Oracle: How IT modernisation can free up the civil service to help ‘build back better’
Whitehall has a clear opportunity to capitalise on IT modernisation and following the publication of the ‘Declaration on Government Reform’ there is now the political will to see it through. While much of the spotlight often falls on digital applications used by the general public, an area often overlooked is how moving to cloud-based applications can make the UK Government’s back-office systems quicker and easier to use, and deliver significant savings and benefits in the process.
The reality is this technology can significantly improve the productivity and working lives of civil servants, make policy development and decision making more effective by rooting it in data, and above all, enable citizens to be better served by the institutions that work on their behalf.
Therefore, as the Government continues to drive IT modernisation across departments and public sector bodies, procurers and providers alike need to work better together to leverage the tangible impact of cloud-based applications such as Enterprise Resource Planning (ERP), Human Capital Management (HCM) and Customer Relationship Management (CRM), as they become more of a day-to-day feature of Whitehall. These modern systems are quick, automated and easy to use. They can deliver tangible cost savings and, crucially, free up significant time for civil servants usually spent on manual tasks to focus instead on more critical tasks such as helping the UK to recover from the pandemic and ‘building back better’, particularly important as the UK heads towards a three-year spending review in the autumn.
Take the payment of invoices and management of budgets as examples, these are just two areas where the valuable time of civil servants could be saved by the use of automated cloud-based ERP software. Departments process millions of invoices every year, with many of these taking additional effort to resolve. Similarly, with civil service staff numbers on the rise since 2016 and with regular movement between departments, the Government could significantly reduce staff under and overpayments, in addition to a more seamless user experience in accessing tools and software during onboarding and beyond.
In many cases as new services are procured, it will be more appropriate to buy off-the-shelf, cloud-based services ‒ providing access to the newest technologies that are highly secure and autonomous ‒ than for the Government to develop its own systems.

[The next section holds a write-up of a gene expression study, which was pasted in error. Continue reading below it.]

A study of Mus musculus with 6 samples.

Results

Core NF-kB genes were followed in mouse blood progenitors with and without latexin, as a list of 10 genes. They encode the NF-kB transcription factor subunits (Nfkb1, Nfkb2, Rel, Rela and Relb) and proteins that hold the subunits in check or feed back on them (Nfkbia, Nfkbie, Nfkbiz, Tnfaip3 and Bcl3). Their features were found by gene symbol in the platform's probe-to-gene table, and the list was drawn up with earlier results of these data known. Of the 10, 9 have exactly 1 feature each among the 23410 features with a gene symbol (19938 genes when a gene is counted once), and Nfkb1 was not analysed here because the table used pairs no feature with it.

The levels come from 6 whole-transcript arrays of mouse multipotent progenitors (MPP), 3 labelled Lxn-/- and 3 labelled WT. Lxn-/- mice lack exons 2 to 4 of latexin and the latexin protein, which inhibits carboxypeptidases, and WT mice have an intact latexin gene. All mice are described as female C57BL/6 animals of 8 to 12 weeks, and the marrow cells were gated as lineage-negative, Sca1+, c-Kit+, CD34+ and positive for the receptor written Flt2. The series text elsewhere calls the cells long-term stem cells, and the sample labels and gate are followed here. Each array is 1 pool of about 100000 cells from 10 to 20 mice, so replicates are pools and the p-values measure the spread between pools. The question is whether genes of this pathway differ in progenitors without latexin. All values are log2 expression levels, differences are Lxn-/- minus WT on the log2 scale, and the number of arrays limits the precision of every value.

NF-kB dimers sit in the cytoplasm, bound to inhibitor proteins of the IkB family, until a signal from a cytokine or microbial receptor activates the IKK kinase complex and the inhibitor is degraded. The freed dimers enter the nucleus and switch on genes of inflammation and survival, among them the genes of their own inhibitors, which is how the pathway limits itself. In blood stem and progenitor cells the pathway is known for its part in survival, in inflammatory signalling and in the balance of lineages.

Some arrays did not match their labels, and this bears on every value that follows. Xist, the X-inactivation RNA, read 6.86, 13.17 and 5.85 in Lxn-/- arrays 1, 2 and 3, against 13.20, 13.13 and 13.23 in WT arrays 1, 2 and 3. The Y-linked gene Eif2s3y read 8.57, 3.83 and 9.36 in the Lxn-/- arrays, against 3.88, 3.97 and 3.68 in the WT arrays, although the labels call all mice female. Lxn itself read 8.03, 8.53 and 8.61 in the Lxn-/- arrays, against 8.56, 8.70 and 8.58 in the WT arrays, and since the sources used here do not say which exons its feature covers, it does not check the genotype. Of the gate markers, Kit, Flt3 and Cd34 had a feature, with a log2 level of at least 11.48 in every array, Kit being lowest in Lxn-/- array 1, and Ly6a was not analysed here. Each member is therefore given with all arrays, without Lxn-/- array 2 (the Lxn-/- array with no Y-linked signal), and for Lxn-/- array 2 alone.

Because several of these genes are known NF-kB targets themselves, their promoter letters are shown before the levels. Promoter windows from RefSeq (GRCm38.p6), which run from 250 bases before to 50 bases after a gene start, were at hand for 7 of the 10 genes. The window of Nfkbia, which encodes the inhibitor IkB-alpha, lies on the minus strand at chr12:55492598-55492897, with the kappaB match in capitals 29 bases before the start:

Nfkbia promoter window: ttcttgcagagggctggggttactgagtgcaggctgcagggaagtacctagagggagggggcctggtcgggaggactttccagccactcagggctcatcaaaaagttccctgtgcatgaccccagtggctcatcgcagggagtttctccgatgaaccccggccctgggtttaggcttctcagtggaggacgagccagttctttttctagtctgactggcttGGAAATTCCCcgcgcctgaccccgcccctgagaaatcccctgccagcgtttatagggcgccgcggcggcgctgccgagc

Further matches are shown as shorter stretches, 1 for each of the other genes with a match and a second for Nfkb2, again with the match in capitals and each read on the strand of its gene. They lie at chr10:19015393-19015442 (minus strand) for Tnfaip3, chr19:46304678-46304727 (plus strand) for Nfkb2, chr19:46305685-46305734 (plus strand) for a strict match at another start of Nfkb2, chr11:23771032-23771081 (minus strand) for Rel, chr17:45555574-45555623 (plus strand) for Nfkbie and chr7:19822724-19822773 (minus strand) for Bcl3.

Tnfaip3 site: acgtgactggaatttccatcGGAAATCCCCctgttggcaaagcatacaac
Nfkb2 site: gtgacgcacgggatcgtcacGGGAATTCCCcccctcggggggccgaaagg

This is where the Government can learn from the dynamism of successful businesses. When a business considers whether to build or buy a new application, their first port of call is typically to look to the existing market and invest in tech that is tried, tested and can rapidly scale for the task at hand.
Beyond looking at specific products, the Government can also learn from organisations that are adopting a single data model across their back-office by having a single applications provider. This makes it far easier to develop a single source of the truth and gain a true understanding of the way the business operates, as well as making it far easier to automate cross-functional processes when this is coupled with AI and machine learning capabilities.
But as new services are procured, the Government needs to provide greater clarity on when it is appropriate to buy off-the-shelf services and when it is better for the Government to develop its own systems. And the presumption should be in favour of off-the-shelf, unless there is a compelling reason why in-house, custom-build would be preferrable.
We must not forget that the prize is huge: as smarter procurement could ultimately save the Government and taxpayer large sums. Greater efficiency in IT systems would free up the civil service to accelerate the UK’s recovery from the pandemic. More importantly, it will also ensure that citizens are better served by Whitehall. However, this can only happen if the right tech is procured in the first place and with wider strategic goals in mind.
This article was written by Richard Petley, Oracle UK Country Leader. Learn more about this author here. To know more about Oracle, please visit their LinkedIN and Twitter.